The Open magic: Padraig Harrington won the Claret Jug in 2007 and 2008, and the event continues to be a big money-spinner
She added: “The figures also demonstrate the economic benefits of hosting major events and I’m pleased the 147th Open generated significant income for both the local Angus area and for the wider Scottish economy.” David Fairweather, leader of Angus Council, said the event had attracted global interest and attention, “as well as immediate and longlasting economic benefits to local and regional communities and business”. He added: “Twenty-one million pounds of new money into the local economy is great news for Angus, its people, hotels, B&Bs, shops and restaurants.” The R&A’s chief executive Martin Slumbers said: “The Open has a proven track record of generating substantial economic benefit for the host country in which it is staged thanks to the tens of thousands of spectators who attend each year.”
Get a grip on new rules England Golf has issued a new set of useful guidelines for amateur players to give us all a reminder of the new rules which apply from this new season. The rules have been updated as a result of a worldwide consultation and are aimed at both speeding up the game and removing some of the anomalies of the old rules. A summary
What’s new In 2019, players will continue to drop a ball when taking relief, but the dropping procedure will be changed in several ways: The ball must be let go from knee height so that it falls through the air The focus of the dropping procedure will be to drop the ball in a specific “relief area” No re-drop is required if the
dropped ball accidentally hits a person or object after hitting the ground but before coming to rest in the “relief area”. If the dropped ball comes to rest outside the relief area, it will be dropped a second time; if it comes to rest outside the relief area after being dropped a second time it will be placed where it first touched the ground If the placed ball will not come to rest on that spot after two attempts, the player will then place the ball on the nearest spot (not nearer the hole) where it will come to rest
Reasons for change The new procedure lowers the height from which the ball is dropped to increase the chance that it stays within the relief area. Requiring the player to drop a
16 TEE TIMES | January 2019
Louis Oosthuizen was reduced to tears after winning his first South African Open in Johannesburg. And he did it in emphatic style with a record-equalling six shots. The South African, who won the 2010 Open, had an eagle and five birdies in a four-under 67 to win on 18 under. England’s Matt Wallace began the final round in joint second, three shots adrift of overnight leader Oosthuizen, but dropped away with a three-over 74.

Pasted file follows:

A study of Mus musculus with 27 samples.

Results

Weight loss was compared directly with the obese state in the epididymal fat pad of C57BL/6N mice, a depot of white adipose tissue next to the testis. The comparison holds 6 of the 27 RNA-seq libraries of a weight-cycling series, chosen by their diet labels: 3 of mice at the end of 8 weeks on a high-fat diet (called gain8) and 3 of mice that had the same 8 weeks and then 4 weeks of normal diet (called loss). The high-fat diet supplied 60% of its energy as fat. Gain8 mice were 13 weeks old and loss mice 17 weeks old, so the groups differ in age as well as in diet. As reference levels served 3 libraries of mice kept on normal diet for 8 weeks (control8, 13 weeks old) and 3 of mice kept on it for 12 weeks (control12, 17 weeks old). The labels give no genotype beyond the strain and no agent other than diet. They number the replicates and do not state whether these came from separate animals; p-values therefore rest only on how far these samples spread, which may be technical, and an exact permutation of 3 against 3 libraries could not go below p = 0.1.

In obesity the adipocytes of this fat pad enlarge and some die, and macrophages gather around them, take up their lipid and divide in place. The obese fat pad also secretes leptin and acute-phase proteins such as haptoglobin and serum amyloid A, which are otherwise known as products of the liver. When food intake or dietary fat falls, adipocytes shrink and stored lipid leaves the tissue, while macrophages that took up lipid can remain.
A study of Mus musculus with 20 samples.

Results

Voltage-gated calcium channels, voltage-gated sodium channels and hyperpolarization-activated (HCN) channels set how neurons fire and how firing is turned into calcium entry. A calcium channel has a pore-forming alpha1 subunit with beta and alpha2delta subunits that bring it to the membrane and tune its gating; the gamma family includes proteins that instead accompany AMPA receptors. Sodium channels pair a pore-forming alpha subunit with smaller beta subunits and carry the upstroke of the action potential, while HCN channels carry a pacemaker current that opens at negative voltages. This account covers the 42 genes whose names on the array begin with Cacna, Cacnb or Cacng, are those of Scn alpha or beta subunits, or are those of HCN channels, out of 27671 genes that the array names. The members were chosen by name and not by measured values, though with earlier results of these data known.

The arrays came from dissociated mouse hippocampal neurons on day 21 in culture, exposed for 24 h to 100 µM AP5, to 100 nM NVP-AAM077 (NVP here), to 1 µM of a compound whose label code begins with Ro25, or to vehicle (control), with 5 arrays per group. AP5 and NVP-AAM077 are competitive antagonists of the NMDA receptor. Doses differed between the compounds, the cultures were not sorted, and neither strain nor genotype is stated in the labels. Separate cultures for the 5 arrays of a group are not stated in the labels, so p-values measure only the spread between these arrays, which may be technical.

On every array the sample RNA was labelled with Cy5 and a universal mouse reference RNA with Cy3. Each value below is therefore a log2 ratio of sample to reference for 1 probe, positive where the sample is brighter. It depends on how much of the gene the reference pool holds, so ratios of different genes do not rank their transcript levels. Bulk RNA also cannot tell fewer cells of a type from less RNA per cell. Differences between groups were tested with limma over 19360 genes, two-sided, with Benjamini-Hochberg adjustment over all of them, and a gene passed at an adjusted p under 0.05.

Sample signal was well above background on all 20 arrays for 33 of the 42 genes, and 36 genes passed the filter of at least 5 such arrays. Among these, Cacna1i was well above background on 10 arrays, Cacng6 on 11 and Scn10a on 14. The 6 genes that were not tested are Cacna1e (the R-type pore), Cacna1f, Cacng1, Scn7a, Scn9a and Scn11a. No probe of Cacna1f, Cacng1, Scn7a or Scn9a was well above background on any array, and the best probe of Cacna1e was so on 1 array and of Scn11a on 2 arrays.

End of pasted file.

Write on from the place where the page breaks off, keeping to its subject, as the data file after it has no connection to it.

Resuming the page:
FedEx fortunes Prize money for the season-ending FedEx Cup winner will rise to $15m (£11.4m), the PGA Tour has announced. Hampshire’s Justin Rose collected more than £7million for winning the event in 2018, but this season’s victor will pick up a cheque for a staggering dollar amount that translates to £11.4million. A new handicap system at the Tour Championship will also mean the overall leader starts on 10 under par, with second place two shots behind.
ball (as opposed to placing it) will retain a desired randomness about where the ball will end up: The player has no guarantee that the ball will come to rest on a desired spot or in a good lie. This is especially the case when a ball is dropped in more difficult conditions such as thick rough or longer grass. The new procedure avoids giving players more relief than necessary: No longer able to roll up to two club-lengths from where it hits the ground. More likely now that the ball will be played from close to where it originally came to rest. Allowing the player to drop a ball from knee height will help to limit the extent to which a ball will embed in sand in a bunker. The new procedure will mean there will be greater consistency across all relief procedures,
making it simpler for players to know where and how to drop a ball: Now avoid questions about whether it was dropped near enough to a specific spot. Now simply drop a ball anywhere in a relief area measured one or two club-lengths from (but not nearer the hole than) than a given spot. It will be simpler for players to know when to re-drop a ball: A player currently needs to know the nine re-dropping scenarios; these are difficult to understand and apply and this is a widely misunderstood Rule. Under the new Rule, the player will only need to know that the ball must be re-dropped if it comes to rest outside the relief area. For more in-depth explanations and illustrations, visit the England Golf website.